I spent a lot of time looking at a LOT of 18th century French Costumes.
The vast majority did not feel like Claire. They felt like Louise. They felt like any member of the French aristocracy, but not Claire. Cait and I had worked pretty hard to maintain a sense of who Claire was, when she was flung into another century. In S1 Claire was given was given hand-me-downs by Mrs Fitz. She didn’t really have a choice and was probably too shell shocked to care anyway. All she was focusing on was surviving and figuring out how to fit into a foreign land. Once she married Jamie, we started to give her a little bit more stability in her costumes. They change, they became a bit more solid. It didnt feel like a giant leap that she would have had some things actually made for her, but even then she was still focusing on navigating this strange world and on getting back to her century.
In season two Claire has made the choice not to go back to the 1940s and to stay with Jamie. They are crafting a life together and they have accepted this mission to go to Paris. There is a commitment to a time a place and a marriage. She is committing to remaining in a time that is not hers. But the heart of the story is still Claire, and how she maintains that heart in another century. This is not the story of the woman who gives up her identity easily. So it seemed essential that once again we look back to the 1940s for our inspiration.
The question I asked myself – What would Claire have been wearing if she hadn’t travel through time? I started looking at fashion from postwar Europe. This is the world Claire would have lived in. The direction we needed to go came pretty fast. I found it in the house of Christian Dior.
It is probably the most singularly exciting moment I’ve ever had as a costume designer.
I was looking at all of this incredible fashion and because I had been doing a show about the 18th century, I was able to see for the first time how directly the fashions I had been working with, connected to the fashions of the late 1940s. Fashion is cyclical, but I had never before connected those particular dots. The first thing that jumped out at me was a picture of the Bar Suit.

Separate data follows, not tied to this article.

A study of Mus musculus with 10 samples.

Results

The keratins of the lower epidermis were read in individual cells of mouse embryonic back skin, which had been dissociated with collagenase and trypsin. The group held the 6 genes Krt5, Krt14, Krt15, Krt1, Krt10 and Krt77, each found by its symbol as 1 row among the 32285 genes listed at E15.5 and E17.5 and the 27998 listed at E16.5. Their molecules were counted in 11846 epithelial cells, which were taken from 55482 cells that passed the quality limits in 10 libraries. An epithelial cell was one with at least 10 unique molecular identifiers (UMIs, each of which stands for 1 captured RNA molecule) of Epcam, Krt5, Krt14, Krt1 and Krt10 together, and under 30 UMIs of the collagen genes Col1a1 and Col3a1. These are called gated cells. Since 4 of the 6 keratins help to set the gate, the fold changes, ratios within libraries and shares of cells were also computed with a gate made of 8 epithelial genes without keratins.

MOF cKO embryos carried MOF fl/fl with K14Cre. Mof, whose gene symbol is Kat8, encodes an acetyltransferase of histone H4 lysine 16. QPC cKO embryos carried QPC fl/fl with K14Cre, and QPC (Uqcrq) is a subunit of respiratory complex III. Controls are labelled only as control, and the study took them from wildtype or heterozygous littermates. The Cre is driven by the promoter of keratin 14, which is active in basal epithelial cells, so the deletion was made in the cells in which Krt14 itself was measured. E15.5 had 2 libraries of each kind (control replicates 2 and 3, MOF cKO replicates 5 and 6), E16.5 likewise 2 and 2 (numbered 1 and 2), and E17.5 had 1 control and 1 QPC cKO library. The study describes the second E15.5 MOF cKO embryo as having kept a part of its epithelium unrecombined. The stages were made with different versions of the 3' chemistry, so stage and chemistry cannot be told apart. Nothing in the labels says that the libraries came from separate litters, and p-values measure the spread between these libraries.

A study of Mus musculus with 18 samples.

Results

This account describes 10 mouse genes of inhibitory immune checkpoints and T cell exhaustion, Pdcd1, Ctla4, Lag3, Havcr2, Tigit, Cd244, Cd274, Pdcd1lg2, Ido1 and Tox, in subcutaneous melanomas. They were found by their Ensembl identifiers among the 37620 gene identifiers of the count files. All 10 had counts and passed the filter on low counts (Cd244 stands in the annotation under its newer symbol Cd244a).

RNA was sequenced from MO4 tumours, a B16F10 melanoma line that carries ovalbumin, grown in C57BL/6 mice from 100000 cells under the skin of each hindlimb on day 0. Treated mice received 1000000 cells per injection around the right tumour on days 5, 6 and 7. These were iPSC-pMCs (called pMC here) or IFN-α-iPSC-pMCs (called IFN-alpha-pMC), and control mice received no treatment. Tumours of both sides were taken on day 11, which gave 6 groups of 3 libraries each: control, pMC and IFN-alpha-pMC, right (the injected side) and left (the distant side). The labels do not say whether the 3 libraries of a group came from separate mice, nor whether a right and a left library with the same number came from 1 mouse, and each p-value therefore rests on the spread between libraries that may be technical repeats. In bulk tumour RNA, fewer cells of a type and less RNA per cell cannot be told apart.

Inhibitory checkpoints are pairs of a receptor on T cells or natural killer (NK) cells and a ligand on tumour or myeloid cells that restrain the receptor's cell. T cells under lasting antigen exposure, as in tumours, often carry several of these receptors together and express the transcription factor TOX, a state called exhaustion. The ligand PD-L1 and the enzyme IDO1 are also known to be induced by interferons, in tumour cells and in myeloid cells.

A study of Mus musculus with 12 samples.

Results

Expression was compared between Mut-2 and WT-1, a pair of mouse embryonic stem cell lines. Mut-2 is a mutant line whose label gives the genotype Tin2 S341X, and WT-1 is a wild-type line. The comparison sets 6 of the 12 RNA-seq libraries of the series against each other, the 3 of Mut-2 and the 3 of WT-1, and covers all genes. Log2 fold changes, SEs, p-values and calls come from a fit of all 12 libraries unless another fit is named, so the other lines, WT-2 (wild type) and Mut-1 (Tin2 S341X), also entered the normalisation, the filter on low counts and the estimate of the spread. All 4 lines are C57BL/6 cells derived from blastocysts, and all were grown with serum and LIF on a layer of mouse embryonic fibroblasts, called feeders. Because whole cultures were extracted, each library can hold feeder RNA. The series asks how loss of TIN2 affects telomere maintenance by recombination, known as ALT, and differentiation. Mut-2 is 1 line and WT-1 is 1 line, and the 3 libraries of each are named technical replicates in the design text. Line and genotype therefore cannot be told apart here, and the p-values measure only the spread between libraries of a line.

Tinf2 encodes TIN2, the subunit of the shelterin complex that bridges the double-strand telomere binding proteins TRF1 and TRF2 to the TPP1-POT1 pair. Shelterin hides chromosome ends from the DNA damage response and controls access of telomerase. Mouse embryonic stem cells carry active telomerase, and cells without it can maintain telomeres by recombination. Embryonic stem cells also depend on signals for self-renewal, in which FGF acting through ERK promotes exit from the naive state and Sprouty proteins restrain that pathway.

Designed by Christian Dior, it is one of the most iconic pieces of fashion history. I knew the suit, everybody connected to clothing in any way knows the suit. But for the first time I saw that it was an 18th-century riding suit.
If you look at the pictures it is absolutely clear. Christian Dior had clearly looked back to the 18th and 19th century to find his inspiration for the New Look and further research confirmed that.
Once I had that the rest was easy.
Claire and Christian Dior came from the same time the same place, the same generation. They had both fought in the same war. They had both known women’s clothing of the 1940s as very masculine. Women were wearing suits that were cut very similar to men’s suits. Wide shoulders, narrow hips, women were wearing trousers for the first time as they entered the work force en mass for the first time in history.
The new look was quite controversial. Women actually demonstrated in the streets against it. It reintroduced women into corsets, wasp waists and very very full skirts. Women had been liberated from that kind of constrictive clothing and didn’t want to go back into it. But ultimately back into it they did indeed go. And a fashion revolution was born. Many argued that it was a backlash against emancipation, and was forcing women back into the VERY traditional and repressive roles of the 1950s. The population was depleted, men were coming back home, to women dressed in ways not considered very feminine. The traditional world needed to get things back on track, society needed to be rebuilt, babies needed to be made,and women needed to go back to their place. How fashion reflects history and politics is a fascinating study… for another day.
Politics aside, It seemed logical to me that Claire would do in the 18th century the same thing that Christian Dior had done in the 20th century. He stripped the traditional 18th century riding habit of all of the embellishments and details and decorations all the bows the bells and whistles. He took it back to its basic Silhouette and that became the Bar Suit. I decided to have Claire look at the riding suit and do the same. She never saw the actual Bar suit obviously.but her reaction to the original riding suit of the 18th century, could plausibly be very similar to Dior’s, a man of her time. It was a suit after all, something she would have seen as the most familiar garment in the 18th century. It was a garment designed for a practical function, and Claire is a practical woman.
So we just put Claire in a recreation of the Bar Suit. I have never had a costume so perfectly define a character and fit into a story so seamlessly before. I still marvel at how absolutely perfect it is. When I told Cait what my plan was she just broke into this huge grin . She knew the suit, knows fashion, and she could easily see where we were headed, and was delighted.
I didn’t want to make something that echoed the Bar Suit, I wanted to recreate it. I wanted to fire a shot across the bow, and announce what we were going to be doing in S2. Make no mistake, it was a statement. I knew that when it hit the airwaves it was going to cause a commotion.
She is perfect.
It is not an original design. It is a copy of someone else’s. I have never done that before, but it worked. It worked, because as I say ad nauseum, it serves the story.
We stayed as close as possible to the original, with the exception of the hat. I decided to go with black. I thought it looked better. I question that choice, sort of. Maybe it was my subconscious need to put something of my own view in there.